AIDS:Volume 22(14)12 September 2008p 1888-1890
Fortuny, Claudiaa; Noguera, Antonia; Alsina, Laiaa; Villaronga, Miquelb; Vidal-Sicart, Sergic; Sanchez, Emiliad
aPediatrics, Spain
bPharmacy Departments, Hospital Sant Joan de Deu, Esplugues, Spain
cNuclear Medicine Department, Hospital Clinic i Provincial, Spain
dCatalan Agency for Health Technology Assessment and Research, Barcelona, Spain.
Decreased bone mineral density (BMD) is being increasingly reported as part of the metabolic syndrome related to HIV infection and to the use of antiretrovirals (ARVs) in pediatric age [1-3]. The amount of bone gained during childhood and adolescence is the main contributor to peak bone mass, which, in turn, is a major determinant of osteoporosis and fracture risk during adulthood. In children, osteoporosis may cause microfractures that lead to bone pain and disability. No specific treatment for osteoporosis is available in pediatric age. Currently, recommendations for the prevention of osteoporosis in HIV-infected children [4] suggest an adequate intake of calcium and vitamin D, appropriate weight-bearing exercise and, in HIV-infected adolescents, avoidance of alcohol and smoking.
Bisphosphonates (BPP) are synthetic analogues of pyrophosphate that inhibit osteoclast-mediated bone resorption. In adult patients, BPP have been successfully used to treat a variety of conditions, including HIV-related osteoporosis [5,6]. Because of fears about its side effects on the growing bone, the use of BPP in pediatric age has not been yet approved. In the investigational setting, BPP have shown great benefits in the treatment of severe osteogenesis imperfecta and other pediatric diseases leading to osteoporosis, without significant short or mid-term toxicity [7].
We report a series of three Caucasian HIV perinatally infected pediatric patients with decreased BMD and lumbar bone pain that received BPP in a compassionate use program. These children belong to a cohort of 90 HIV-infected children followed up in Hospital Sant Joan de Deu (Barcelona, Spain). BMD was assessed by dual-energy X-ray absorptiometry (DXA) scan, and expressed in terms of Z-score [8]. Osteoporosis was defined as a Z-score value below -2.5 SD. Parents provided their written informed consent and the Spanish Ministry of Health (RD 561/1993) approved each individual treatment for compassionate use.
Main characteristics of the patients are summarized in Table 1. Daily calcium and vitamin D supplements were used in all cases. Patients 1 and 2 received, respectively, two and five annual infusion cycles of intravenous disodium pamidronate (Aredia, Novartis, East Hanover, New Jersey, USA; 2-3 mg/kg body weight and infusion cycle) during a 1-day admission. Pamidronate was diluted in 1000 ml of isotonic saline and administered intravenously over an 8-h period. Mild hyperthermia during the infusion cycle occurred twice in patient 2 and was controlled with usual doses of intravenous acetaminophen. Common gastrointestinal pamidronate-related side effects were prevented with intravenous ondansetron. No other side effects were observed. ARVs were normally administered during admission. For patient 3, weekly doses of 70 mg oral alendronate (Fosamax, Merck Sharp & Dohme, Pavia, Italy) were initiated, with optimal adherence and tolerance.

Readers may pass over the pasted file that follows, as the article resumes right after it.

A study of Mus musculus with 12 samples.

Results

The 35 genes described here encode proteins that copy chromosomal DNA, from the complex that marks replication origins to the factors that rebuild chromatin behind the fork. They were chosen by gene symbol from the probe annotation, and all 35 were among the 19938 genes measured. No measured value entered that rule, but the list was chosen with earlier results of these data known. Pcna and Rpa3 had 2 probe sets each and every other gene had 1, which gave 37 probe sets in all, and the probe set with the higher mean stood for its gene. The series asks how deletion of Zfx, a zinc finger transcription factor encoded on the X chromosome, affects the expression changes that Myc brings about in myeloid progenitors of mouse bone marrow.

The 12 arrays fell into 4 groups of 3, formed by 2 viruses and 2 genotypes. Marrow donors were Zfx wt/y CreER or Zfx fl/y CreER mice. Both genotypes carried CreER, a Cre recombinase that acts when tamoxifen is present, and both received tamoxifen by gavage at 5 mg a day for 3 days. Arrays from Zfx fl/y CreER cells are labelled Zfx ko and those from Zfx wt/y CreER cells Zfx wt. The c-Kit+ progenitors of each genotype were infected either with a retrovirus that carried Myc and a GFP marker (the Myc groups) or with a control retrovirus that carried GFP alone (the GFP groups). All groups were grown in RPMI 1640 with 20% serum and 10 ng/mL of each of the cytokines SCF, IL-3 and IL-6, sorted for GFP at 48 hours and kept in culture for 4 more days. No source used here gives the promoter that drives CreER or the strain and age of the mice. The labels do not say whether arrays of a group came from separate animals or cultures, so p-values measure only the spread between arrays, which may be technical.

No vertebral fractures were observed on lumbar radiography, neither at baseline, nor during follow-up. An increase in BMD Z-score was observed in all patients (Fig. 1). All patients reported a rapid improvement in bone pain, within weeks after the first pamidronate infusion cycle, and 2 months after the implementation of alendronate.
The pathogenesis of bone loss in HIV-infected pediatric patients is not only likely multifactorial, involving HIV- and ARV-related factors, but also other comorbidities, such as low body mass index or lack of mobility, as in the patients we present. Increase in bone turnover is considered to be the most important pathogenic pathway leading to decreased BMD in ARV-treated HIV-infected children, with several studies having reported changes in bone resorption and formation markers in these patients [10,11]. The good clinical and radiological response to BPP in our series supports this pathogenic hypothesis, as BPP inhibit bone resorption.
The correlation between BMD and fracture risk in children has not been established. BMD in growing subjects is strongly influenced by gender, body size, pubertal stage, skeletal maturation and ethnicity, factors that need to be taken into account when interpreting DXA scan values in pediatric patients. Beyond the clinical significance of Z-score results, it should be emphasized that all patients in our series presented with lumbar pain and disability in daily life, two common symptoms in children affected with primary or secondary osteoporosis [12].
Recently, the successful use of alendronate was reported in an HIV perinatally infected ARV-naive 6-year-old girl affected with severe osteoporosis and multiple pathological fractures [13]. No experience with BPP in ARV-treated HIV-infected children has been reported to date. Patients 1 and 2 were treated according to our protocol for the treatment of osteoporosis in the pediatric population [14,15]; patient 3 received oral alendronate because of her age and previous optimal adherence to treatment. Despite the fact that further studies are required, the compassionate use of BPP should be considered in HIV-infected pediatric patients affected with osteoporosis when bone-related pain or atraumatic fractures appear.
This work was presented in the 11th European AIDS Conference, Madrid, Spain, October 2007. Abstract number P15.4/01.